Guide To Setting Up Google Assistant On Your Sonos Speaker

How to switch from Alexa to Assistant on your Sonos One or Beam

Google Assistant is now available on the Sonos One and Sonos Beam, meaning you’ve now got a second choice besides Alexa for handling your voice commands. If Assistant is already controlling your smart home gadgets — or if you merely think it’s better at responding to questions than Alexa — it’s probably worth switching over.

Even if you don’t own a Sonos speaker with a built-in mic like the One or Beam, you can still control the company’s other speakers if you have a Google Home speaker somewhere in the house. The setup process is very similar in both cases.

We’ll start off under the assumption that your Sonos speakers are already up and running.


Each of Sonos’ smart speakers can have its own voice assistant, so if you want, you can configure one to use Alexa and another to use Google Assistant. Under this scenario, your Sonos system stays in sync and both voice helpers remain aware of what’s playing, no matter which you requested it from.

To pick Google Assistant, follow these steps:

  1. Open the Sonos app on your mobile device.
  2. Tap the “More” tab at the bottom right and pick “Voice Services.”
  3. Choose Google Assistant. From here, you’ll be presented with a list of compatible speakers, where you can select which ones you want to run Google Assistant instead of Alexa.
  4. After you’ve picked the speaker(s), you’ll be switched to the Google Assistant app (if you’re using iOS, this must first be installed to successfully go through this process).
  5. Sign in with your Sonos account information to link Assistant to your existing Sonos setup.
  6. Google will then run through several steps, which include detecting your Sonos speaker, requesting permission to access and control it, asking you what room it’s placed in, and then adding the music services you use.

If you’re already a Google Assistant user, you’ve probably already set it to work with Spotify, Pandora, or Google Play Music / YouTube Music. Just make sure that those same services are added to your Sonos account through the Sonos app, as well.

You’ll go through the Google part of this setup for each Sonos One or Beam speaker on which you’re using Assistant. Once all of them are done, you can just say “OK Google” or “Hey Google” to start trying out voice commands or music requests.


The process is largely similar if you’ve got a Play:1 or Play:5 that you’d like to control with a Google Home speaker in the same room or anywhere else in your house.

To configure Google Assistant to control your Sonos speakers, follow these steps:

  1. Open the Sonos app on your mobile device.
  2. Tap the “More” tab at the bottom right and pick “Voice Services.”
  3. Choose Google Assistant.
  4. This time there’s no menu for choosing speakers. You just sign in with your Sonos account credentials inside the Google Assistant app.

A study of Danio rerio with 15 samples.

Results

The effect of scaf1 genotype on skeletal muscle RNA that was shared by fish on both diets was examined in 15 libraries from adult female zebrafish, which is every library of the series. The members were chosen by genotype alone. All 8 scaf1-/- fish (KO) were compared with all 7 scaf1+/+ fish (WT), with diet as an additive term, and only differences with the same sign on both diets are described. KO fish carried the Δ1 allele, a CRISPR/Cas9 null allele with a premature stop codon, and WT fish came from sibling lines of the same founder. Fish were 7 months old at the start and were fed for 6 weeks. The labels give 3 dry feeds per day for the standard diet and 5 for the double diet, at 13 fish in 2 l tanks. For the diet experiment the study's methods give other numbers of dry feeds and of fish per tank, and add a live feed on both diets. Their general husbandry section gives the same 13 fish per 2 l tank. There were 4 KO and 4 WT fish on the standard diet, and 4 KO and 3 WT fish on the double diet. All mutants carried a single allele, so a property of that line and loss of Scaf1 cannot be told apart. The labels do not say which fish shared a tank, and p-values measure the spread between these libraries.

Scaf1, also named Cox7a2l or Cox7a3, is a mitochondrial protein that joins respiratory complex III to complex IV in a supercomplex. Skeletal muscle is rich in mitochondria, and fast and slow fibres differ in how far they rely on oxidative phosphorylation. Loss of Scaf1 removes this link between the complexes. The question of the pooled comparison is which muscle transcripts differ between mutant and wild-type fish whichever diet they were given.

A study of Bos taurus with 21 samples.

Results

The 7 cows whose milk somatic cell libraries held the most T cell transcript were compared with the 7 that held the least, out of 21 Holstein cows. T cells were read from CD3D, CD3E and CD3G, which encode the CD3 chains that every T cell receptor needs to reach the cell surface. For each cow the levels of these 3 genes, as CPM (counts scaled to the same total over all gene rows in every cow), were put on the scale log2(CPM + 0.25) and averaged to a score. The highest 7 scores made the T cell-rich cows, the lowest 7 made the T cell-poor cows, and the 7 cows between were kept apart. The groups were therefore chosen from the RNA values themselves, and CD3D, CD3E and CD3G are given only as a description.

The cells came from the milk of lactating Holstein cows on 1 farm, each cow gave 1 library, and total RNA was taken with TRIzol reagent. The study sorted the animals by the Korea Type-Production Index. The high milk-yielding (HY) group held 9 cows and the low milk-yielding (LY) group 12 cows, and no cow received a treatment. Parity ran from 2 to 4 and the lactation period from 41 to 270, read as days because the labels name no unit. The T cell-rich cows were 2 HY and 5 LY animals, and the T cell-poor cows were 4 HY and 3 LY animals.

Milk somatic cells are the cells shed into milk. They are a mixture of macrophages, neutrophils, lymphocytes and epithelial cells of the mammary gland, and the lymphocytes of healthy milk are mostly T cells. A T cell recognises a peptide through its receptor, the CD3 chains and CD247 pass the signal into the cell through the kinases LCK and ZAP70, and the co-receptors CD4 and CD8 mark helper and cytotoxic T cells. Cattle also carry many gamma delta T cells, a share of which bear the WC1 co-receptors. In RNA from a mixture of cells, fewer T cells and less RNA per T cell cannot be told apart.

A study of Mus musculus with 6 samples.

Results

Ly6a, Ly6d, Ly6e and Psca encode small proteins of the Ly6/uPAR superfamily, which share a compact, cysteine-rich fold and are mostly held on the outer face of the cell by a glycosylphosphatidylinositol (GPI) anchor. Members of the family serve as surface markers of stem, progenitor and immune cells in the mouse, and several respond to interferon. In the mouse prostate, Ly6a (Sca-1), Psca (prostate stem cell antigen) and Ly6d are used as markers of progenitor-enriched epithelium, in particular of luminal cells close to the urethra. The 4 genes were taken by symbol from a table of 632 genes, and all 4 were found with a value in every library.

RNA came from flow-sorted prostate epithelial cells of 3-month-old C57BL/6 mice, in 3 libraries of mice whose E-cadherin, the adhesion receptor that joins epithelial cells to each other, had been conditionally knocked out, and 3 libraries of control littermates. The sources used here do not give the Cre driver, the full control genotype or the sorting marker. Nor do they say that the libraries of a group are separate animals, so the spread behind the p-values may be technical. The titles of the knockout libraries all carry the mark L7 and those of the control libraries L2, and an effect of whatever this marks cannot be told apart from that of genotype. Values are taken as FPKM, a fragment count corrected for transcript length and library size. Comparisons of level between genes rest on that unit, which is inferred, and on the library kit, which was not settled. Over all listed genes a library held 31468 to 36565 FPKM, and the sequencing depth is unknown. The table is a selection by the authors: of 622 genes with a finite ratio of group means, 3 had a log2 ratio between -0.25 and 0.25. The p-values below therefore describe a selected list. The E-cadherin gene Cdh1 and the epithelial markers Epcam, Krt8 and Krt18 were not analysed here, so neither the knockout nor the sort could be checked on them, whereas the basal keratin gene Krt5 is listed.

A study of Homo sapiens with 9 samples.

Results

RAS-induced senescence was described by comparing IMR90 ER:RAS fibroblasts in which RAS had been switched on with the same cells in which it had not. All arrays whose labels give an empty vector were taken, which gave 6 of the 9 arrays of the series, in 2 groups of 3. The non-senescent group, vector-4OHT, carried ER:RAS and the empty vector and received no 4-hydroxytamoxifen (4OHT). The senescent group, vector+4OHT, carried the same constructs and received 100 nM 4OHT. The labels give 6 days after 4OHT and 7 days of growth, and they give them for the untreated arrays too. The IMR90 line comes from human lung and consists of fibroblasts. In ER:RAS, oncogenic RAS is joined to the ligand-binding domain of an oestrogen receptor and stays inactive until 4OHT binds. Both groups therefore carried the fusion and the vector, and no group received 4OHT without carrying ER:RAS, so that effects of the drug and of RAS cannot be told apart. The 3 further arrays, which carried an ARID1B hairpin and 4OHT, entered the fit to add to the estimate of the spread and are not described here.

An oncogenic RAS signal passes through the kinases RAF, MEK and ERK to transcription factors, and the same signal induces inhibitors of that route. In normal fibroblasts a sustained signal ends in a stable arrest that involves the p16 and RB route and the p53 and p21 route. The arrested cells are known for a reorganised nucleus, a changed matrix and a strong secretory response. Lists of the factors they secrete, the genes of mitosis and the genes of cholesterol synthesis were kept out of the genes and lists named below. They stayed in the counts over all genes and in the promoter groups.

5. Link all your music services to Google Assistant if you haven’t already and choose which one you prefer to be the default source for song requests.

With a Google Home or Home Mini, you can play and pause music on Sonos, skip tracks, and adjust the volume.

  • Spotify
  • Pandora
  • Google Play Music
  • YouTube Music
  • Deezer
  • iHeartRadio (can play music to Sonos, but can’t be added to the Assistant app)
  • Tidal (can play music to Sonos, but can’t be added to the Assistant app)
  • TuneIn Radio (can play music to Sonos, but can’t be added to the Assistant app)

For other services like Apple Music, you can begin playing music using the Sonos app on your iPhone or (since newer Sonos speakers support AirPlay 2) you can ask Siri to play content as well from an iOS device. Once you’ve started playing something from Apple Music or another source that Google Assistant doesn’t fully support, you can still say things like “Hey Google, skip this track” or pause music with your voice.


You can do a lot with Assistant on Sonos. For example, you can control your smart home, set alarms, play content on the TV if you’ve got a Chromecast, or power your TV on and off (if you’ve got the Sonos Beam). Your third-party Assistant skills are also usable with Sonos. The company has a good list of things to try here. However, there are a couple of features that aren’t yet working.

  • Sonos doesn’t yet support voice recognition for multiple people. So, unlike with a Google Home, you won’t get different answers (calendar appointments, etc.) for different people depending on who’s talking. This might be a significant inconvenience for some people, so hopefully Sonos and Google can enable voice match soon.
  • You can’t make phone calls or send text messages with Assistant on Sonos.

For now, Google Assistant only works with Sonos in the United States. Sonos has said the integration will expand to Australia, Canada, the Netherlands, and the UK sometime in July.